PHOTO COURTESY OF PHILLIP DEPORTO
Phillip Deporto holds his dog Sabrina, who died four years ago. Deporto used Sabrina's death as inspiration to learn and teach animal CPR, or mouth-to-snout.
Students learn the lifesaving animal version of CPR
Four years ago, Phillip Deporto's pet boxer Sabrina died of brain cancer at the age of 7.
"She was going through a very painful death, and I knew that I couldn't help my dog because it's a terminal illness. They don't do chemotherapy on dogs here in Hawaii," Deporto explained. "I could've tried to send her to the mainland, but then I would have to stay with the dog. It was going to be too hard. So I thought, 'If I can't do all that, what can I do as a compensation?'"
After Sabrina died, Deporto felt obligated to do something in his dog's honor. He could give back by saving other lives. His solution was mouth-to-snout, animal cardiopulmonary resuscitation.
"I feel that this is my contribution to help dogs out, and cats, too," Deporto said. "I heard about the animal CPR, and I said, 'That would be a good idea.' I had an intention of trying to do something to help animals."
Animal CPR differs from human CPR and requires special training.
"Mouth-to-snout is where you give resuscitation to a dog or cat by a human being. So it's your mouth to the snout of a cat or a dog," Deporto said.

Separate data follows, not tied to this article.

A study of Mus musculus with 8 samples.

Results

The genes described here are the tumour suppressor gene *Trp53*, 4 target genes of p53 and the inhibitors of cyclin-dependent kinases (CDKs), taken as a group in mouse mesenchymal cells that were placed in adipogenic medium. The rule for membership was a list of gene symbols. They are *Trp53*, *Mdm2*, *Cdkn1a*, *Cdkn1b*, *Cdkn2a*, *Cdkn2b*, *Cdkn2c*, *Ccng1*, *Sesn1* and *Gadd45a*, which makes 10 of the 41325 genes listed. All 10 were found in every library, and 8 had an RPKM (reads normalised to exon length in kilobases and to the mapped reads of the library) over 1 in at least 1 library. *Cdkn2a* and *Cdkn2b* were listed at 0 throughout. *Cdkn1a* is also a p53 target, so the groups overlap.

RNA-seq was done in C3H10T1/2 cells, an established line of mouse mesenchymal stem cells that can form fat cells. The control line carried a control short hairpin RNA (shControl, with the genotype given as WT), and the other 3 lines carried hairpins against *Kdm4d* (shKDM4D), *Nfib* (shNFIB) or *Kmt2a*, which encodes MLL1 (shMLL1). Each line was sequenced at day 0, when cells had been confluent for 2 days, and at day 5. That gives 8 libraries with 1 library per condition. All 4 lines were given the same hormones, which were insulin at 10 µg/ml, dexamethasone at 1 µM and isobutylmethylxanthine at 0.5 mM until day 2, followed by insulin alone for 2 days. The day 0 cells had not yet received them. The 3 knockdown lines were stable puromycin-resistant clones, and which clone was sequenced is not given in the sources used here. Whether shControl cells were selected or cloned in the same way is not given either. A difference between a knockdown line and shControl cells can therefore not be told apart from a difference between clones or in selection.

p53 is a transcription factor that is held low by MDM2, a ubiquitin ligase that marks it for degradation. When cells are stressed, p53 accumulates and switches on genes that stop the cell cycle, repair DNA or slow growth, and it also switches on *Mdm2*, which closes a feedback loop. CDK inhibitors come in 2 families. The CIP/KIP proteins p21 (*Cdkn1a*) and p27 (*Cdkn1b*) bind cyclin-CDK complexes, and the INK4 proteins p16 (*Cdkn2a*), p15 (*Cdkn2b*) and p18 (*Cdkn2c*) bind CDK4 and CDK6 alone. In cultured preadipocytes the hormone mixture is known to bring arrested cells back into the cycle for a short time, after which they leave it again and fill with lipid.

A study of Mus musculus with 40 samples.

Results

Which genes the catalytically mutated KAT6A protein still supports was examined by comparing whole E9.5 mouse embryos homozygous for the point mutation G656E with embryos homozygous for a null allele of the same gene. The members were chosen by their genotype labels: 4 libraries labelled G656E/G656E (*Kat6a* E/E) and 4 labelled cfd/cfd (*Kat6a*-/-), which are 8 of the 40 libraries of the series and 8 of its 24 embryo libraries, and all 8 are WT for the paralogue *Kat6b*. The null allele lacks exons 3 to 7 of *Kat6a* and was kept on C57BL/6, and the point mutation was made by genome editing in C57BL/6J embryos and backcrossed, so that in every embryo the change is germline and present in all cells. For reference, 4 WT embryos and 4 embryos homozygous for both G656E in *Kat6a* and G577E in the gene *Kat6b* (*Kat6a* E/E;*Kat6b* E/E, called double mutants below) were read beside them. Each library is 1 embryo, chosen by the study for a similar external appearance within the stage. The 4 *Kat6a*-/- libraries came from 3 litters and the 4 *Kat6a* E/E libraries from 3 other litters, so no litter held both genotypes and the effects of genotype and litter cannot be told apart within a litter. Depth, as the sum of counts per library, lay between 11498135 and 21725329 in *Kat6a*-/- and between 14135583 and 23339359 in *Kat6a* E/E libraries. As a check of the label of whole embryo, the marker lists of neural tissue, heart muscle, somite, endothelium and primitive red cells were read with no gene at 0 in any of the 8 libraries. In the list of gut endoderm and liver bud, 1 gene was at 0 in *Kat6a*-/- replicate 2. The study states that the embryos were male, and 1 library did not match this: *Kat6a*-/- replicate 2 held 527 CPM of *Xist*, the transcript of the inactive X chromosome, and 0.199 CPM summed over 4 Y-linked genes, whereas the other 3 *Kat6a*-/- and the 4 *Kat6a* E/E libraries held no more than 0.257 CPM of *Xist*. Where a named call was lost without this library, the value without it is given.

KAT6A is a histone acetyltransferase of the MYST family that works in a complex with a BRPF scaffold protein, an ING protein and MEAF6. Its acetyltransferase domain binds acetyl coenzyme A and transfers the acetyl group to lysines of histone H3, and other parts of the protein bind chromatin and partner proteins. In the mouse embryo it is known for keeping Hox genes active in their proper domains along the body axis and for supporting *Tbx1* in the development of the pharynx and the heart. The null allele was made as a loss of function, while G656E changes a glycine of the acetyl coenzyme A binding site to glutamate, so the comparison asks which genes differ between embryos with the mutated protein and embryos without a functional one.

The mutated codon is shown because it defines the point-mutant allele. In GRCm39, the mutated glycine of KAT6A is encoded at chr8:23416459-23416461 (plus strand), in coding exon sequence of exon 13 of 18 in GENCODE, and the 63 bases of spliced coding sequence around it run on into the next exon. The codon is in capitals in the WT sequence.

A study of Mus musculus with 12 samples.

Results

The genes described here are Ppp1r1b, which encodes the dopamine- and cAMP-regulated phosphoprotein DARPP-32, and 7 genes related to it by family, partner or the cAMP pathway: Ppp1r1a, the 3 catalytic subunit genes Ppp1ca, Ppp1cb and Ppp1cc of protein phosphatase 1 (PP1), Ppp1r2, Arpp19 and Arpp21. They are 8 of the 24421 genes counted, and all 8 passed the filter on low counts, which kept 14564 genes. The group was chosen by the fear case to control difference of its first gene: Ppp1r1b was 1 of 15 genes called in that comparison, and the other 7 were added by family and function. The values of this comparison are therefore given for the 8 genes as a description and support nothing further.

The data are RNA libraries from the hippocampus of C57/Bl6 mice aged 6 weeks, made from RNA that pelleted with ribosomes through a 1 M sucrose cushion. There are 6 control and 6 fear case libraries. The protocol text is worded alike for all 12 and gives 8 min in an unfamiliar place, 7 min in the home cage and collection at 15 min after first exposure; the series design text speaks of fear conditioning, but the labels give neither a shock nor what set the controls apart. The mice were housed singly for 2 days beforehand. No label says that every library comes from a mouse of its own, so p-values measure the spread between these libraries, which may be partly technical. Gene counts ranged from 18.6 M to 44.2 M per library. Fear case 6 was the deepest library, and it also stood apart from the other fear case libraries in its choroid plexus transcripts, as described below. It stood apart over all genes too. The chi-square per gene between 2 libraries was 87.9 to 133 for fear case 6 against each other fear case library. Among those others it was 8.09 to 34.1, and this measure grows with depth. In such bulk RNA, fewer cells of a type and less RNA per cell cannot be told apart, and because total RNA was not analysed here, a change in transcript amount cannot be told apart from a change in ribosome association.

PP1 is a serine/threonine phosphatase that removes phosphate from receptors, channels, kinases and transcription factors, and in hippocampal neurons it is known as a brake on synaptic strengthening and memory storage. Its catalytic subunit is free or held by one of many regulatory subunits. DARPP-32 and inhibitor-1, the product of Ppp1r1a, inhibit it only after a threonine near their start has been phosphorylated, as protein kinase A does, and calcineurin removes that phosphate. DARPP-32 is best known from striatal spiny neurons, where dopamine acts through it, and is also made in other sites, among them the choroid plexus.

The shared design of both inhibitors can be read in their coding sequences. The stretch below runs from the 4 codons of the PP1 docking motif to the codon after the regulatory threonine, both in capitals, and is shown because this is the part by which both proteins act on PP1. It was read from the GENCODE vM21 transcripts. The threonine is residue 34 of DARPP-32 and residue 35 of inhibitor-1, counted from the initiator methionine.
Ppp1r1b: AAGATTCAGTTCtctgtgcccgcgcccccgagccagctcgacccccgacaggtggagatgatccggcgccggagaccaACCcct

In mouth-to-snout, a human blows directly into the dog's nose just as a human would do for infant CPR. The most significant difference is the number of compressions. Human CPR requires 30 compressions to one ventilation, while animals only require five compressions to one ventilation.
Deporto's CPR and first-aid class participated in this lesson, and their first reactions were the same. Sophomore Mandee Miyake was among several students who had a bad first impression.
"I felt disgusted at first. I didn't want to do CPR on a dog. But I saw that we had a fake dog to practice on. So, I'm OK with it now," Miyake said. "I thought it was fun and it's good for emergencies."
Although many people said they view the procedure as "weird," Deporto feels it is far more than just another lesson.
"I did it for my dog's sake, but I feel very honored to be able to do it. I'm really more honored that my dog would be more happy that I'm doing something for her," Deporto said.
Because of Deporto's efforts, Waianae High School is the first and only school teaching animal CPR in the entire state.